Boulder County authorities are warning of the apparent arrival of a drug with a street name of "tranq" that has caused a multitude of problems on the East Coast and in Puerto Rico. The drug, Xylazine is an animal tranquilizer most often used on horses.

"People may not know it is in the drugs they are using. Xylazine may be mixed with heroin, fentanyl, cocaine, methamphetamine and other narcotics," says a statement from Boulder County Public Health.

The presence of the drug was discovered after a man arrested in Longmont was brought into the county jail in late April and stopped breathing. He had to be taken to a hospital.



"Fentanyl creates a very powerful high, but it's a very, very short high," explained Madeleine Evanoff, a harm reduction specialist with Boulder County Public Health. "So what Xylazine does is it gives the high what we call 'legs,' so it extends the high for people." While not an opioid, while changing the duration of the high, "It's a more marketable product if it's extending a high," explained Evanoff.

Like fentanyl, it is a central nervous system depressant and slows the heart rate and breathing. Experts suggest people who are using or with users get fentanyl test strips, which are available in Boulder County. They hope to soon have test strips for Xylazine as well. They also suggest people have Narcan, which does not act on tranq, but Xylazine, but in case of overdose, the Narcan will help those with opioid overdoses and thus reduce the overall overdose effect.

As a tranquilizer, people are ending up unaware and sometimes out in the cold. 

"If you're out for many, many hours, you're not drinking, you're not eating you're not able to use the bathroom," said Kelsey Weigman, also a harm reduction specialist with Boulder County Public Health. 

Among the other effects, are wounds. "That is like a real trademark to Xylazine is wounds that show up on the body either have a very hard time healing or won't heal, but they are not related to an injection site," said Weigman.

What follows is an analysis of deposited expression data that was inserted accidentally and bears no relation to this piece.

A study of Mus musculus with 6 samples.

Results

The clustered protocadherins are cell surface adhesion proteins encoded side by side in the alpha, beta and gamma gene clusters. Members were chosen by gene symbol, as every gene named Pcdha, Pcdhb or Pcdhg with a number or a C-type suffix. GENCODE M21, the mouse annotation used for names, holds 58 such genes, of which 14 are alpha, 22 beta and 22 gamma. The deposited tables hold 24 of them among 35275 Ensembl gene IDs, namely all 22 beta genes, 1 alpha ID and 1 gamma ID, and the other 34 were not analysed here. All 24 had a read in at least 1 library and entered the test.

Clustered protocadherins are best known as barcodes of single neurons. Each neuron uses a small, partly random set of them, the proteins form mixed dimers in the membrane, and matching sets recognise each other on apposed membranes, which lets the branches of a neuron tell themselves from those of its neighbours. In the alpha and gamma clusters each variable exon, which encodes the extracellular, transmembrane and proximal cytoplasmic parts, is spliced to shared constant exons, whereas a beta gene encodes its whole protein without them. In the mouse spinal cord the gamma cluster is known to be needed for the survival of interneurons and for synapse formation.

The county's drug task force and health authorities are trying to spread the word because the inclusion of tranq in the illicit drug supply is likely not shared by dealers. "I think the reality is oftentimes people don't know," said Weigman. 

Here are additional recommendations from Boulder County Public Health:

If an overdose is suspected and someone is nonresponsive, BCPH urges the following steps: 

  • Get their attention—rub the person's chest and check if they are breathing or have a pulse.
  • Administer Naloxone.
  • Call 911 and remain present until help arrives. Colorado has the Good Samaritan Law, and you will not be charged with drug possession in amounts for personal consumption if you call 911 and remain present until help arrives.
  • If the person does not have a pulse and you know basic CPR, start CPR right away.
  • If the person has a pulse but is not breathing, give rescue breaths, even if you don't know CPR.
    • Lay the person on their back, tilt their chin back, clear their airway, pinch the person's nose closed and cover their mouth with your mouth. Blow two regular breaths, then give one breath every five seconds.
  • Place them in the recovery position:
    • Roll the person on their side with their hand supporting their head and bend their knee to prevent them from rolling over.
  • Stay with the person until help arrives.

BCPH also recommends these steps to help lessen the potential for overdoses:

  • Assume that any pills purchased from a non-pharmacy source may contain a lethal dose of fentanyl, xylazine or other substances, and follow all precautions to prevent and respond to an overdose.
  • Carry Naloxone and ensure that the people you know also carry it and know how to administer it. Naloxone can reverse the effects of opioid overdoses. 
  • Don't use drugs while alone. If you can't be with someone else, plan to have someone check in on you so they can help you if needed. If you are with someone else who will also use drugs, take turns using and have someone else check in with everyone.
  • Start with a very small dose every time you have something new. You can always add more, but you cannot subtract.

If you, a friend or a family member know or suspect someone is using illicit substances, please advise them to carry Naloxone. Naloxone is available at local pharmacies without a prescription and is covered by most insurance plans and is available for free from BCPH for Works Program participants, as well as from the University of Colorado at Wardenburg Health Center for students and employees."